Shababland – Memories of a Birthday in Damascus, Syria
Twenty-nine, not an age you look forward to or even think about really, at least I never did. Still, my twenty-ninth birthday is one I’ll never forget.
The day started with my oldest birthday tradition… rain. It always rains on my b-day, always has, probably always will. The funny thing is, it rains no matter where I am, it must follow me around. Utah, France, Texas and now Damascus, Syria. It drizzled all morning long, but by late afternoon the sky had cleared and the clouds that remained scattered beautiful orange sunlight onto the crooked grey houses and shops of the old city.
In the morning Emilie and I took a stroll through the market. The usual aggressive hustle and bustle of the market was gone due to it being the end of Ramadan, a celebration known as Eid (عيد) . No open shops, no honking cars, no shouting merchants, just long, empty market hallways. It was like watching a bat sleep.
As we got closer to Souq El Hamidyye (the main market) and the Umayyad Mosque life suddenly appeared. An ocean of little boys filled the Umayyad square. Hundreds of rascals running everywhere shooting plastic bee bees from toy guns they received as gifts for Eid. The best way for me to describe what I saw is to relate it to the scene in Pinocchio where all the boys go to the island and turn into donkeys. It felt like we were standing in the pumping heart of a carnival in a world ruled by little boys.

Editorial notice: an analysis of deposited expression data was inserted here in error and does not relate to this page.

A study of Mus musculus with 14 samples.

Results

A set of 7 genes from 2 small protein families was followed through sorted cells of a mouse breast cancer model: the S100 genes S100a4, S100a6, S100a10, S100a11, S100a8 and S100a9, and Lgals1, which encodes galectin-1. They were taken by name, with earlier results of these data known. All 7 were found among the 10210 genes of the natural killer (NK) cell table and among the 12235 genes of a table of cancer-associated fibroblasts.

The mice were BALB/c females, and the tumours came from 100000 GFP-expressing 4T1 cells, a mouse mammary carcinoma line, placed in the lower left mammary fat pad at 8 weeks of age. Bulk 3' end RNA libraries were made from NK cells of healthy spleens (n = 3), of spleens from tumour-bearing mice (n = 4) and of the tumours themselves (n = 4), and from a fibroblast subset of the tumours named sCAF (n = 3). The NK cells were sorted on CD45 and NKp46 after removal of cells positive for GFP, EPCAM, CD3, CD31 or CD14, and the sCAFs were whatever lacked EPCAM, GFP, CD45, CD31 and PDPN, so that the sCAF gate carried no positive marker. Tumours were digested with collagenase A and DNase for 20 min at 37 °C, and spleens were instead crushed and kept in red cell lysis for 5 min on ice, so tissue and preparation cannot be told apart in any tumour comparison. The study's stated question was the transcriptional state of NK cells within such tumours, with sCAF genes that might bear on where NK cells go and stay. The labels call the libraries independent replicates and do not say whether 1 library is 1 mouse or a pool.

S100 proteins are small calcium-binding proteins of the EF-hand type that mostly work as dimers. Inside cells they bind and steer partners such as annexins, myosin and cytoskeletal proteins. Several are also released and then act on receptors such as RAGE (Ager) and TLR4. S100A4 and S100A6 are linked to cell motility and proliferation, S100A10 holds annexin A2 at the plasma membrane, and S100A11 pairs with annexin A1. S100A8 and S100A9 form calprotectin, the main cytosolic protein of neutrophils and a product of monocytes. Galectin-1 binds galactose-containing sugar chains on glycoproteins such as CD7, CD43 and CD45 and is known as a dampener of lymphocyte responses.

I got shot several times in the face with the little plastic bee bees but I felt worse for the pigeons who were the boys’ main target. The girls brave enough to walk through the plaza didn’t seem to stay very long. There was an overdose of visual activity full of motion, color, energy and aggression wherever you looked. I’ve never felt or seen anything like it.
God blessed me on my b-day with the most beautiful evening we’d seen since arriving in Syria. The weather was cool, the clouds had cleared and there was no wind. There were even 30 seconds of fireworks over the Umayyad Mosque to mark Eid.
We were excited about our new house in the ancient Shaghoor quarters of Old Damascus so we invited all of our friends to celebrate chez nous. It would have been impossible to feed everyone so we went the pot-luck route. There was quite the eclectic spread of dishes. Everything from Indian food, to Arabic food, to French food and even a little pizza. The ice cream cakes were the highlight though. If you ever get the chance to have an ice cream fruit cake in Syria, don’t miss it. Slices of every type of fruit imaginable, cram-packed onto a layer of fruit cocktail sherbet. Pretty mind-blowing.
There we were, on a rooftop in Old City Damascus, eating and enjoying each other’s company, just happy to be alive. It was a perfect day, and definitely one of the most memorable birthdays of my life.